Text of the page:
A half-day fishing trip on a Delaware Bay headboat is a perfect introduction to saltwater fishing for tourists, kids and well-fed anglers who don't want their afternoon interrupted by a lot of fish. The boat doesn't leave Fisherman's Wharf until 1:30 p.m. and is back at the dock by 6. The ride alone is worth the $10 fee.

So when Lee Blount pulled his 100-pound sea creature to the surface, the 20 customers on the Thelma Dale III oohed and aahed.

"You big monster you," said Blount, a 33-year-old paramedic from Warrenton, Va., as the giant sea turtle he had inadvertently snagged stuck its head out of the water to see what was reeling it in by the flipper. "I bet you didn't think you'd be spending your afternoon like this."

Tourist fishing is the easiest way to find fish this side of the supermarket. If you have the money for a spot on a boat, and a few extra dollars to rent a rod and reel, all you need to do is stand by the rail and hold out your hand. A mate will tie all the knots, bait your hook, even show you how to let out line and reel it back in. And because the Atlantic and its estuaries in this area are generally rich with fish, you are almost certain to catch something.

This year, however, the guarantee is limited. In both the Chesapeake and Delaware bays, and Atlantic waters close to shore, normally eager fish are playing hide-and-seek. Sea trout and striped bass have been a disappointment and bluefish that are usually attacking bait in bunches at this time of year are scarce.

"If I had 25 more years in me I could go find the fish," says Capt. Harry Parsons, the 78-year-old patriarch of the fishing fleet that works out of Lewes, where the Delaware Bay meets the Atlantic. "But the way things are now, you have to go pretty far out in the ocean to find them."

Parsons is a trim, soft-spoken man with a round face as bright as a sunrise. He has been fishing the bay for 44 years. He now has a son and grandson who work with him as charter boat captains. Their territory is choice, close to both fish and fishers. Because Lewes is just a few miles north of Rehoboth Beach, it attracts the curious along with the committed anglers. And Parsons hates to disappoint either group.

"The fishing isn't what it used to be," says Parsons, who is called "Pappy" around the wharf that he built out of a marsh. "You can't make 'em bite if they're not there."

Parsons blames pollution, pesticides and other runoff caused by development along the Delaware River for the general decline in sport fishing. And he blames the "government" for not applying stricter environmental controls to halt it.

There is some irony to his complaint. People around the wharf are more used to hearing Parsons complain about too much governmental interference. From a shady seat in the stern of one of the five fishing boats his family owns, Parsons points out spots where he was prevented from building improvements on his land.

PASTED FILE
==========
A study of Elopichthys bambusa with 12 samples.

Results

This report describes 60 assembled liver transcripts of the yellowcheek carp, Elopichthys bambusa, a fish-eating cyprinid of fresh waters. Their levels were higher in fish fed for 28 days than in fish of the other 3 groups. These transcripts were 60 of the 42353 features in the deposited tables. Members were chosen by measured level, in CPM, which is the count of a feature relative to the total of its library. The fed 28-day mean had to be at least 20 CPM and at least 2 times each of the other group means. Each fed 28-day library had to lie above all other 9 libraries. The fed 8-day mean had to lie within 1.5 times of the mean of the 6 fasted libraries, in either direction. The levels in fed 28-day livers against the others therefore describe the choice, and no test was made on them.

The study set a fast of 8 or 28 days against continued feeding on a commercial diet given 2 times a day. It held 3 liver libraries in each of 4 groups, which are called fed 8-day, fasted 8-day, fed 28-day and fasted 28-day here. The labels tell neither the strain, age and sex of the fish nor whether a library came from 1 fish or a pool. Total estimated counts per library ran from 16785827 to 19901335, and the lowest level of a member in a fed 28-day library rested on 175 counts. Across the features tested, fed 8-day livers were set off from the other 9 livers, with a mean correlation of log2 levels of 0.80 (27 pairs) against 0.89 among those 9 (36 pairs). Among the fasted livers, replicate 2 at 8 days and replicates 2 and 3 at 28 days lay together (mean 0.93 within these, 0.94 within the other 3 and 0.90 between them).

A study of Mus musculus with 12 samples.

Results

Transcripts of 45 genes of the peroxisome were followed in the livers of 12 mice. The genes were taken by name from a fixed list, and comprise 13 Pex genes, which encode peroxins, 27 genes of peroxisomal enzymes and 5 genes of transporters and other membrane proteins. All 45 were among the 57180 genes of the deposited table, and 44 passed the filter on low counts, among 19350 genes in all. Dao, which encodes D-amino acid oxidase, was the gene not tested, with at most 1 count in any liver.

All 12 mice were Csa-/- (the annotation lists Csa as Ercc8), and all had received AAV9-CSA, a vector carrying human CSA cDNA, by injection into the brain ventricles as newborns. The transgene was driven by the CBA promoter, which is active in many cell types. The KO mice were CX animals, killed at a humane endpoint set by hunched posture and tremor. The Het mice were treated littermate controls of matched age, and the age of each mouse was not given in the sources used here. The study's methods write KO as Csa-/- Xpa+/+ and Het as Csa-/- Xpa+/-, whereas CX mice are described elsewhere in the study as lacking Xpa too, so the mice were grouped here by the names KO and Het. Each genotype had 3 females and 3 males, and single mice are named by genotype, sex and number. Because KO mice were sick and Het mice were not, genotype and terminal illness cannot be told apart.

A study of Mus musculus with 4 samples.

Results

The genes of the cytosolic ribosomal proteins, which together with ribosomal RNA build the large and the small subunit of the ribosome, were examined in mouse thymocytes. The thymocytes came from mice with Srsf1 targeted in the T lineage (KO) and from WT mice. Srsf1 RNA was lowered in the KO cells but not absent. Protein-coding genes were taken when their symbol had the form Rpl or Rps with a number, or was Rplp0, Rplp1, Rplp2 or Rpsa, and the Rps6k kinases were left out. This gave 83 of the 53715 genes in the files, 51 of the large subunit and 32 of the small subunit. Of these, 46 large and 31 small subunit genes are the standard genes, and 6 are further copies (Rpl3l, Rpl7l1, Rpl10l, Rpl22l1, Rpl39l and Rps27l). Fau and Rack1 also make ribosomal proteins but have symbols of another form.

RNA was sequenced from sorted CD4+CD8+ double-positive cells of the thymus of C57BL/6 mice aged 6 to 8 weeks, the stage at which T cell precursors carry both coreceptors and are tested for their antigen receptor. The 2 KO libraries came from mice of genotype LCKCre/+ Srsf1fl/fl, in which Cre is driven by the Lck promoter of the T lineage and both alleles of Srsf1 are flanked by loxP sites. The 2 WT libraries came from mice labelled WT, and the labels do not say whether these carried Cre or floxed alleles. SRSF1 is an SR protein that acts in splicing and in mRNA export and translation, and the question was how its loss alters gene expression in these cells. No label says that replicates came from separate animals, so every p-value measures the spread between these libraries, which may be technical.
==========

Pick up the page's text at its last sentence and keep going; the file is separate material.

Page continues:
"I wanted to put a bulkhead over there," says Parsons, pointing to a thin strip of dirt and grass across a canal. "But the environmental people said snails were breeding there and you daren't disturb the snails. There's so much red tape it will drive you crazy."

Parsons was born in a rural crossroads town just 35 miles from his wharf. He still talks country slow, but after living in Philadelphia for two decades, his mind works with city slicker speed.

"I just went up there for a couple of weeks and stayed for 19 1/2 years," says Parsons with a grin. "I guess it didn't scare me too much."

Parsons drove trolley cars and the buses that replaced them. He bought a storage garage that went bust, then recovered in time to lose money in the stock market crash of 1929. By the time the Depression was in full swing, Parsons decided to put some money where it would keep his family fed. In 1938 he bought a fishing boat and began to build his future.

"During the Depression a lot of people were a little on the hungry side," says Parsons. "I bought the boat for the wife and kids to live on and have something to eat."

Parsons still takes fishing parties out on the Bay, but leaves the day-to-day operation of his wharf, fish market and restaurant to younger Parsons. "I don't jump around like I used to, but I keep moving."

Rick Yakimowicz, a 20-year-old charter captain, pilots our fishing party out of Roosevelt Inlet and into the Bay where it meets the Atlantic. On board are 20 anglers, almost half of them fishing on the ocean for the first time. Expectations are modest.

"I'm just out here for the fun of it," says Raymond Heimbach, a college professor from Pennsylvania who has taken an afternoon off from sunning at the beach to try fishing. His 10-year-old son Ryan is less content. He is determined to catch fish.

Perhaps the most serious fishermen on board are two teen-agers from Bowie, Md., Mike Knaly, a red-haired, freckle-faced 15-year-old and a classmate at John Carroll High School in Washington, 16-year-old Tony Bray.

"I'm after shark, marlin, anything big," says Bray.

Together the two bring in four flounder and one sea bass, which is a disproportionate share of the 20 fish that are caught during the entire afternoon of drift fishing. Raymond Heimbach and his son are skunked. On the trip back to shore, Heimbach, a tourist out for a day on the water, says the trip was worth the price. But his son stares at the green water with the disappointed eyes of a real fisherman.